As I have mentioned in prior blogs, the primary focus of our short, 4-day trip (shortened to only 3 shooting mornings, courtesy of the airlines) was landscape imagery. But one thing that really strikes you about this area of our country is the abundance of wildlife. Elk and Mule deer are a common, daily sight, as are Bison. Coyote and Pronghorn Sheep (we erroneously called them Antelope) were almost as common. Less common to sight, but ever present are Moose and Bear (Black and Grizzly). Grand Teton and Yellowstone Parks are nearly adjacent, and the many of these animals are even more abundant in parts of Yellowstone. While we did not get up there, a group from MPEG were there about 2 weeks later and spent at least 3 days in Yellowstone. The images on the forum are replete with shots of Bear, Coyote, and even Wolves.
For a photographer, an Elk or Moose in full antler, or a Grizzly Bear is a major occurrence and hoped for in most of our portfolio some day. In the spring, the males are harder to spot and in many cases there are no antlers (though perhaps some “velvet”).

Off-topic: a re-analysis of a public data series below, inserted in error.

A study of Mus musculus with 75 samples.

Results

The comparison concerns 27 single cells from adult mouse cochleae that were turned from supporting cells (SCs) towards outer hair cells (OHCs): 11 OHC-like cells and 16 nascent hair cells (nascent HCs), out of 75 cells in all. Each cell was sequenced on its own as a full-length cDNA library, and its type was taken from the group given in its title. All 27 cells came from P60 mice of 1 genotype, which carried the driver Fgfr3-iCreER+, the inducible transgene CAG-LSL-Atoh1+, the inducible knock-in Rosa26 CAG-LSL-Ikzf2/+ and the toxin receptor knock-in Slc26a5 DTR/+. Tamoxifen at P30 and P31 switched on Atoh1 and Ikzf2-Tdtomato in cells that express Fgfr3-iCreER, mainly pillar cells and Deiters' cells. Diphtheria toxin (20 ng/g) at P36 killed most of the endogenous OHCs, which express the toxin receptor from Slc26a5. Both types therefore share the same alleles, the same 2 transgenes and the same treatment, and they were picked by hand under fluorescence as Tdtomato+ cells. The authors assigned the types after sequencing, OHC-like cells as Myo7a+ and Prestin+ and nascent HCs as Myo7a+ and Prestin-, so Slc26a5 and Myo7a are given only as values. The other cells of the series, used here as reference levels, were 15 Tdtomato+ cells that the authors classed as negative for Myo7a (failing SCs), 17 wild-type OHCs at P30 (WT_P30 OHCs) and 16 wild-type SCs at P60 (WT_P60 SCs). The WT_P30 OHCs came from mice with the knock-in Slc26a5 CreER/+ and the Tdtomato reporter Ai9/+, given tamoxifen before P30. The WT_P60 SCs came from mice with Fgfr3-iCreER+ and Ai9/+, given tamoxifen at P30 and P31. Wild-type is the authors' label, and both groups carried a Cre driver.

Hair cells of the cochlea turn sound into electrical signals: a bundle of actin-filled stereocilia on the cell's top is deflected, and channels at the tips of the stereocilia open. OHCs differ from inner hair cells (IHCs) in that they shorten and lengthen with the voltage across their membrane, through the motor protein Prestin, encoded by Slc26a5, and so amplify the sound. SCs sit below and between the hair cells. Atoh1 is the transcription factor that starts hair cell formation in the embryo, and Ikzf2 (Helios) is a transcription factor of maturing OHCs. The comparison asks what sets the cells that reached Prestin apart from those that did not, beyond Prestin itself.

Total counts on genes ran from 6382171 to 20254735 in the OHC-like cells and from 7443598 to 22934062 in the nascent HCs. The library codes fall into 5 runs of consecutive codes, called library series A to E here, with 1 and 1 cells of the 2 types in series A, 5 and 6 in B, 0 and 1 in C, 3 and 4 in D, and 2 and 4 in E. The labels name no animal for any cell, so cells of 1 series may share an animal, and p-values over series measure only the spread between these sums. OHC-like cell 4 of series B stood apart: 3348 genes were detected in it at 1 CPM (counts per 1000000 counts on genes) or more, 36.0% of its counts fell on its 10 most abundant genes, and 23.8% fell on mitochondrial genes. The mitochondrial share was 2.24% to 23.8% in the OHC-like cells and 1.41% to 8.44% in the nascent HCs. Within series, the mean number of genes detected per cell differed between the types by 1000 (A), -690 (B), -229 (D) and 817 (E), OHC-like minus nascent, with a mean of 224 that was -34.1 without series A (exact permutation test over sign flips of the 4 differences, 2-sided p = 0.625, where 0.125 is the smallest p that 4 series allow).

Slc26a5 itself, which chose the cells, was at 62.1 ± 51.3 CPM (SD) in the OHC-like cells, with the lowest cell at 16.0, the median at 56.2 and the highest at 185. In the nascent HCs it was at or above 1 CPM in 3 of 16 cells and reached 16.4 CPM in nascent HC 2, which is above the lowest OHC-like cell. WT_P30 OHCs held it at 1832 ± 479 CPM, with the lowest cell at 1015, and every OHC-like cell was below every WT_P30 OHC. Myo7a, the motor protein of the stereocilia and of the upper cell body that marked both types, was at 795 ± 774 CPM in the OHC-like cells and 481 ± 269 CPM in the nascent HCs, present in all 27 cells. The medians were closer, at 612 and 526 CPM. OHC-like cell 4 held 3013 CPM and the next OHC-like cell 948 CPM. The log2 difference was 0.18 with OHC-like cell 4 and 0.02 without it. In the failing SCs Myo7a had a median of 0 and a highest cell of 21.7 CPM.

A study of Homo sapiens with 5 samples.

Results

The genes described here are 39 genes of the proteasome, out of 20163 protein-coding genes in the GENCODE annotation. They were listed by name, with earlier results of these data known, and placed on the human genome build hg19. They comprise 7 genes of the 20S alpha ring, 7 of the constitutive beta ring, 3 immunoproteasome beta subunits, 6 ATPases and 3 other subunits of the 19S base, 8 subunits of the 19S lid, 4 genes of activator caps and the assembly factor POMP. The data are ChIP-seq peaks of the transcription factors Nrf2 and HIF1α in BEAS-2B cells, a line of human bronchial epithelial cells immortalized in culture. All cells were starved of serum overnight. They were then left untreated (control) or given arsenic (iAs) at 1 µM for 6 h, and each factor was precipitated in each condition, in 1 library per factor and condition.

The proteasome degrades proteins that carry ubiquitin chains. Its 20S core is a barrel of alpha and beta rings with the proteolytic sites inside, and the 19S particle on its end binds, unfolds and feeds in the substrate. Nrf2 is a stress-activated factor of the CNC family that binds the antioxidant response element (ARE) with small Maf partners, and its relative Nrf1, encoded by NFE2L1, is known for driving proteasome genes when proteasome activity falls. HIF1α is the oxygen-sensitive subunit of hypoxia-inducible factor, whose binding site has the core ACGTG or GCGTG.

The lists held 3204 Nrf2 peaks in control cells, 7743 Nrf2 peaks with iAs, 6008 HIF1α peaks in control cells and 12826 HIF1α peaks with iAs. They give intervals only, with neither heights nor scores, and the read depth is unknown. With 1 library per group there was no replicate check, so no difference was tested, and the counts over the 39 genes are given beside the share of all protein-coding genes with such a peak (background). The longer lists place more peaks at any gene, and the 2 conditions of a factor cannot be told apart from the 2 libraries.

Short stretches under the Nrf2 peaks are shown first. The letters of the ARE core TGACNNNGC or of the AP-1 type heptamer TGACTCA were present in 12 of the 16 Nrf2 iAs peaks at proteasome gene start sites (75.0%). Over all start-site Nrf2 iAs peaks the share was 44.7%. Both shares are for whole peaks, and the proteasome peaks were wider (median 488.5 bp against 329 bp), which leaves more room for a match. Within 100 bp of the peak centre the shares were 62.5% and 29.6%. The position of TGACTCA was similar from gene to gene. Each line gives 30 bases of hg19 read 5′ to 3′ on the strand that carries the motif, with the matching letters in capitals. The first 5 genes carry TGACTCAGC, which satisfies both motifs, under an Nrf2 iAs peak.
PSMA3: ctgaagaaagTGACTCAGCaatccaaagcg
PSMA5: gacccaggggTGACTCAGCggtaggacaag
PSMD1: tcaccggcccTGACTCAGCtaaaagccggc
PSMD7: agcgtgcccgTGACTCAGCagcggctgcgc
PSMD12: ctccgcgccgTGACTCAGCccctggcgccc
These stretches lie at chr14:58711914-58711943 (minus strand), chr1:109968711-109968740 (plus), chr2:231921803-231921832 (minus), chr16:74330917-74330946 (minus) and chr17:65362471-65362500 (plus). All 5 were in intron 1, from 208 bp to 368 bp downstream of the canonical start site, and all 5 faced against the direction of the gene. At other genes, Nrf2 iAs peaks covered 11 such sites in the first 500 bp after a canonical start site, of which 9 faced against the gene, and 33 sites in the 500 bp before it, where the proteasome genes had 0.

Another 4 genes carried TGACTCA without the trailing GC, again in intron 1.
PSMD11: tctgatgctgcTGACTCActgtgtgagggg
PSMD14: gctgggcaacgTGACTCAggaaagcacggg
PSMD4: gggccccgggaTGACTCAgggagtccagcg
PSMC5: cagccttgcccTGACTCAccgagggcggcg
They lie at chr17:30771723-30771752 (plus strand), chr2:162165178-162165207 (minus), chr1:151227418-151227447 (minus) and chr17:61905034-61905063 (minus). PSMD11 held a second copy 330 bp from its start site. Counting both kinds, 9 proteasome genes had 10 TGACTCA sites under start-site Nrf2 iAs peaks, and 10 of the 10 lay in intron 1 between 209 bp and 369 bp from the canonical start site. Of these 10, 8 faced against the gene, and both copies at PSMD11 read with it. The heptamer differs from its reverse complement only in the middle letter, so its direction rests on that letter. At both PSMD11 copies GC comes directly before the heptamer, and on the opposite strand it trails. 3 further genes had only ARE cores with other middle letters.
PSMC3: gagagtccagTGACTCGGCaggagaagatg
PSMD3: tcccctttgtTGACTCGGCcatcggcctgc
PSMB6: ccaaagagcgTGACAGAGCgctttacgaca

We were fortunate enough, though, to have some opportunities to shoot the seemingly ubiquitous Bison and Elk that roam the park everywhere. On the morning we were shooting the Mormon Row barns, we noticed a small grouping of Bison down at the end of the road and headed down there, were we were able to get reasonably close and still keep our distance.
On the afternoon we drove up into Yellowstone, we had our best opportunity to shoot some Elk, who were feeding and resting right near the roadside. They are fairly well acclimated to people and if you keep a respectful distance, they will stand. In the hopefully not too distant future, we will return for a longer visit to Yellowstone and capture more wildlife images.